Vayishlach & Jack Libow Bar Mitzvah: December 2, 2017

Shabbat Shalom

Jack, there is a famous story, told in many different ways, about a man named Itzik who lived in Cracow, Poland. He kept having a dream of a castle, a river and a bridge. The voice in the dream said that the river is the Vistula, the castle is in Budapest and under the bridge is a great treasure waiting for you.  Jack, I can tell you that Itzik was no fool. One does not go traveling all over Europe because you have a weird dream.  But night after night he had the dream and the voice kept asking him, “Why are you still here?”

So, finally, in search of a good night’s sleep, Itzik heads out to Budapest to see what this dream is all about. And after a difficult journey, he arrives in Budapest and finds exactly what he saw in his dream, The river, the castle and the bridge. What he did not see in the dream were the many soldiers who were stationed on the bridge to protect the castle. How could he dig under the bridge without calling attention to what he was doing? He sat on the hill by the bridge and kept watching for his moment to find his treasure.

But Jack, the captain of the guard saw Itzik sitting there all day and he became suspicious that Itzik was plotting an attack on the castle. He instructed the guards to arrest Itzik and bring him in for questioning. Itzik was terrified to be arrested and in the questioning, he admitted to everything, the dream, the trip and the treasure. The Captain looked at Itzik and broke out into laughter. “Treasure?? You came here for a dream about a treasure? You are an idiot my friend. You don’t travel to Budapest because of a dream about treasure. I have a dream about a treasure too. My dream tells me to look under the stove of some poor man named Isaac in Cracow to find my treasure. Do you think I am stupid enough to go to Cracow and look for that stove? I want you to leave this castle, leave this city and go back to where you came from, there is no treasure here.”

So Itzik went home, and since his formal name was Isaac, dug under the stove in his kitchen and found a treasure. It had been under his kitchen all along. Itzik used his wealth wisely and became known as a kind and caring man in all of his city.

Jack, in your speech, you talked about the lessons that Jacob had to learn from the many trials and tribulations he endured. And you spoke about how you have learned from Jacob’s life as well. But there is an important lesson hiding in Jacob’s story and in the story of Itzik that I just shared with you.  Jacob’s worst flaw is that he always acts only in his own best interest. He steals from his brother to enrich himself. He blesses God only if God will bless him. He works for his wicked father-in-law only to get what he wants, a wife and some personal wealth and his father-in-law is able to cheat Jacob over and over again because Jacob only pays attention to what he wants. Even when fighting the angel, he asks the angel for a blessing and not for forgiveness from his brother or safety for his family. When his sons attack and destroy the city of Shechem for kidnapping their sister, all Jacob worries about is that other cities will come and kill him as a danger to Canaanite society.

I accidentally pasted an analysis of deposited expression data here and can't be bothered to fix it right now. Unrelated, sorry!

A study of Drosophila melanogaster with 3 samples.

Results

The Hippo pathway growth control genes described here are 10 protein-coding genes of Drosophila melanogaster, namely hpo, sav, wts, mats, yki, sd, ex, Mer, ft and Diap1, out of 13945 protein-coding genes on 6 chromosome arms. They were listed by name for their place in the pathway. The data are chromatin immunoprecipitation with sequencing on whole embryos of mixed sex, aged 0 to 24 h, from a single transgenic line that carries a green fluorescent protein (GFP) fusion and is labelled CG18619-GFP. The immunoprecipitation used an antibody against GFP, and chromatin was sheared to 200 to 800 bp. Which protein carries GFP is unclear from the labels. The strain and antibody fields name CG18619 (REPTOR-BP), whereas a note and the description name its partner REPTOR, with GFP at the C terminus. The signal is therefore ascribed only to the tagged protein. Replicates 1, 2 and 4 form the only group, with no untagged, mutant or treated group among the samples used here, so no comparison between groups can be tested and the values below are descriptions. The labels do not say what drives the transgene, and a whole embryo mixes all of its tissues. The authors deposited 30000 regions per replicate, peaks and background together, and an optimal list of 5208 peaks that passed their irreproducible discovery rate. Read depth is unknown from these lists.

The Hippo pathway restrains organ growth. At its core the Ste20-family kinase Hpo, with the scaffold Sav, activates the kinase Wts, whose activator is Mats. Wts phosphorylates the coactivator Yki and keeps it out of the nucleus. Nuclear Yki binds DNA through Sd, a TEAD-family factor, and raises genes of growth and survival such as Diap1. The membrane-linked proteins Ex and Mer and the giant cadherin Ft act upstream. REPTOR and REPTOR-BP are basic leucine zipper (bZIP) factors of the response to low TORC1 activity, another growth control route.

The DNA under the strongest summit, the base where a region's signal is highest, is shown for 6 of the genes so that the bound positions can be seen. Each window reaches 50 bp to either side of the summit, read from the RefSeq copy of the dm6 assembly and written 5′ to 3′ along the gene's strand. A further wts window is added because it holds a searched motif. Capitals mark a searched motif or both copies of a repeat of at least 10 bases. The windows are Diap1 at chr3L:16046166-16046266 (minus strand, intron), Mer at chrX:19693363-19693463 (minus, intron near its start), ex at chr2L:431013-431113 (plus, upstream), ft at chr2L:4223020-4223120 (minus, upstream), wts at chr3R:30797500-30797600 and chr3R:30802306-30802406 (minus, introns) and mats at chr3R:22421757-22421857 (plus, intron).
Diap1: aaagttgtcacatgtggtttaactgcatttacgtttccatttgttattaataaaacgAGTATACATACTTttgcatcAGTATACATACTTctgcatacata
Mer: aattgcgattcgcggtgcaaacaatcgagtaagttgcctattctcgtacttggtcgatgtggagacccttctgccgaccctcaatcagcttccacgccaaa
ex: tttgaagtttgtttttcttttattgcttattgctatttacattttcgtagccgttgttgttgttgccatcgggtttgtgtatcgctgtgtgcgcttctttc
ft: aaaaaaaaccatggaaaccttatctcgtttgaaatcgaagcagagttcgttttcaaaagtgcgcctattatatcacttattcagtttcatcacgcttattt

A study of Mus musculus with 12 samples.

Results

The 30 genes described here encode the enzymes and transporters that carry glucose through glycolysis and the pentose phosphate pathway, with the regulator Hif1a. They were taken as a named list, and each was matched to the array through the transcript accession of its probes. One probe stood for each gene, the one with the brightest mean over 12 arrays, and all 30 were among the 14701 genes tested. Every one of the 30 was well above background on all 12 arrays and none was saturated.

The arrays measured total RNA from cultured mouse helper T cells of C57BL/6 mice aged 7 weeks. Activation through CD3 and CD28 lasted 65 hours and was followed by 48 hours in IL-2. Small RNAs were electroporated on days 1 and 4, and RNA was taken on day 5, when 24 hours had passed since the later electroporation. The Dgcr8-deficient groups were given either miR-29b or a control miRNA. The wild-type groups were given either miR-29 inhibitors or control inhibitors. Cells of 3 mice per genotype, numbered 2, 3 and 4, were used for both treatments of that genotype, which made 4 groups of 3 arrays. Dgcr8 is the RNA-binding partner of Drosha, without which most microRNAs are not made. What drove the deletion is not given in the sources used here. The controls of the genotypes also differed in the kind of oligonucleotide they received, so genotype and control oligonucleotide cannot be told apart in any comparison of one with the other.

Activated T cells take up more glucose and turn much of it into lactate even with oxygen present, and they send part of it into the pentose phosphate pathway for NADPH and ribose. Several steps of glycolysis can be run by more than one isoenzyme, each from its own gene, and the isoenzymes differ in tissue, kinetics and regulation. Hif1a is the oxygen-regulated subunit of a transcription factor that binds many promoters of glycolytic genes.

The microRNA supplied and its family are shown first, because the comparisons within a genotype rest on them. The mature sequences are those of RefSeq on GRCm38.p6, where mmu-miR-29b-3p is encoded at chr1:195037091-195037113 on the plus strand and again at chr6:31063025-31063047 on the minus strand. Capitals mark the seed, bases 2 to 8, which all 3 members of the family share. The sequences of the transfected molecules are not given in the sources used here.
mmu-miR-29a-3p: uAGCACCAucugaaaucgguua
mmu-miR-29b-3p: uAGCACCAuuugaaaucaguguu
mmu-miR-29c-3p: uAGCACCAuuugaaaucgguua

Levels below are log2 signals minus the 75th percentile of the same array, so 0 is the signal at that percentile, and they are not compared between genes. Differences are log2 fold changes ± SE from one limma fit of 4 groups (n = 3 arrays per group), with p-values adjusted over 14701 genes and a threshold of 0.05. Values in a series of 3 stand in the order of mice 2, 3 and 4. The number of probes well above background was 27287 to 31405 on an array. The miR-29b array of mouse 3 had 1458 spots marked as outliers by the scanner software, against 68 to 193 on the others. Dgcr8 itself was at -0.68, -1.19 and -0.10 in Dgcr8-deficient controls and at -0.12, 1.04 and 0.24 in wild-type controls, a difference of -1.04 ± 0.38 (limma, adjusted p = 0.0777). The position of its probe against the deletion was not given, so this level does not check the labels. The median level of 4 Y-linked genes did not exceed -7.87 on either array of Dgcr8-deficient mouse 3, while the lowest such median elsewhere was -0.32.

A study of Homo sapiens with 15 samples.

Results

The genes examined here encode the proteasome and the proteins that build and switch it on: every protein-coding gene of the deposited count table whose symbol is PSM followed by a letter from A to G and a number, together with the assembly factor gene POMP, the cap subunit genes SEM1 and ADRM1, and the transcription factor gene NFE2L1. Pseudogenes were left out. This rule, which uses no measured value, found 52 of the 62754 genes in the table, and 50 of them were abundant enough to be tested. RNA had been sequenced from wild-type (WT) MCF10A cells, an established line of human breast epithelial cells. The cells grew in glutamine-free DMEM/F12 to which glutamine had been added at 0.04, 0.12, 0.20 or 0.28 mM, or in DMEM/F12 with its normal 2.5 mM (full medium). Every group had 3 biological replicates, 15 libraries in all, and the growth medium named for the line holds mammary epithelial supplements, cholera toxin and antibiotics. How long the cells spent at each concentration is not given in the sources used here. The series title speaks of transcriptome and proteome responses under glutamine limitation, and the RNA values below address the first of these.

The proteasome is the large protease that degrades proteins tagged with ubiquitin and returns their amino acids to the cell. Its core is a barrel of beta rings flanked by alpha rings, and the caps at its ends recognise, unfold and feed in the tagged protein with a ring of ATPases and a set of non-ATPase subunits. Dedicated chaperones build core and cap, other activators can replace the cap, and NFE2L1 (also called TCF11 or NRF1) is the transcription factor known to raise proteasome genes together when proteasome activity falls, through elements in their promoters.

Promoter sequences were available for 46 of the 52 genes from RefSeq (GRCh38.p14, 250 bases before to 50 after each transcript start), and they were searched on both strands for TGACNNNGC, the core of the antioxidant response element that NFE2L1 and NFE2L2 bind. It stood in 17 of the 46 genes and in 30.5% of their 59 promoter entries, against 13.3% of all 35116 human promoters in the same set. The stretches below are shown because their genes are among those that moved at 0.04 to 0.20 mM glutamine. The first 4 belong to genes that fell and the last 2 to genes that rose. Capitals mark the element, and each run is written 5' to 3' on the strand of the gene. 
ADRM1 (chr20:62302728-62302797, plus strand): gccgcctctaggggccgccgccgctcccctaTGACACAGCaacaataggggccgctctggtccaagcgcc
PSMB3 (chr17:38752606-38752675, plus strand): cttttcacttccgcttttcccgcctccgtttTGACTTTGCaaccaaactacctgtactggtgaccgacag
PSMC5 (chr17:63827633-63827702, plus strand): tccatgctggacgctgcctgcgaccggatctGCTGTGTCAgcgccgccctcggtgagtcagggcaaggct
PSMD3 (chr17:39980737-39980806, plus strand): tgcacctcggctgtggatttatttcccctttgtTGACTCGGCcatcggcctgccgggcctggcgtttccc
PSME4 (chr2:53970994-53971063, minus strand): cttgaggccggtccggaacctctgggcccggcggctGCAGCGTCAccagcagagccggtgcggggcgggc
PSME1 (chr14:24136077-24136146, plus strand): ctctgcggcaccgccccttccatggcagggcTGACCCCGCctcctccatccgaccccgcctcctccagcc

Similarly, Itzik goes to Budapest to find a treasure for himself. He doesn’t even figure out how he can get that treasure or consider that the bridge will be guarded. Itzik doesn’t know that he already has the treasure. He needs the Captain of the Guard to tell him what he needs to do. Even though God is watching over the patriarch Jacob, Jacob never figures out that life is not all about him.

Jack, if I were to give you a lesson to take away from your Parsha and from our story this morning it is that you are never alone is this world. There are many people around you; teachers, friends, parents, relatives and even some strangers, who have important lessons to share with you if you are only wise enough to listen. They will show you where to find the real treasure of life, and yes, that treasure is already inside you, but you will need others to point out just how blessed you already are.

And further, you, Jack, have inside you information and lessons that your teachers, friends, parents, relatives and even strangers will need to learn from you. The greatest treasure of life is found when we are there for others, guiding them to find the great treasures of kindness, honesty and compassion that they don’t know that they have inside them. Jack, we do not live our lives alone. We do not go out every day looking out only for ourselves.

 To be a Bar Mitzvah does not take a community. Bar Mitzvah just means you have turned legal age in Judaism. That happens even if you are alone on your 13th birthday. But to CELEBRATE becoming a Bar Mitzvah, you need your family, friends and community to share your teachings and your skills from the bima in synagogue. No matter how afraid or worried you may be, to really grow up in Judaism, you need others to share your wisdom and your ideas.  This is what we are celebrating today. It is not a graduation; that will come at the end of High School. You don’t leave here with a license. The party later is not about you, it’s all about who you have become, a part of a community, a congregation, a family. You have become someone who cares about others, someone who improves when you help others improve, someone who grows when you help someone else grow.

 So, Mazal Tov Jack on your acquiring the treasure that is yours on this Bar Mitzvah day. The treasure that you receive when you spread your heart and your hands to help others. The more of this treasure, the more of this love you give away, the more you will accumulate in your life.

Sermon given by Rabbi Randall Konigsburg at Beth Sholom B’nai Israel on Saturday, December 2, 2017.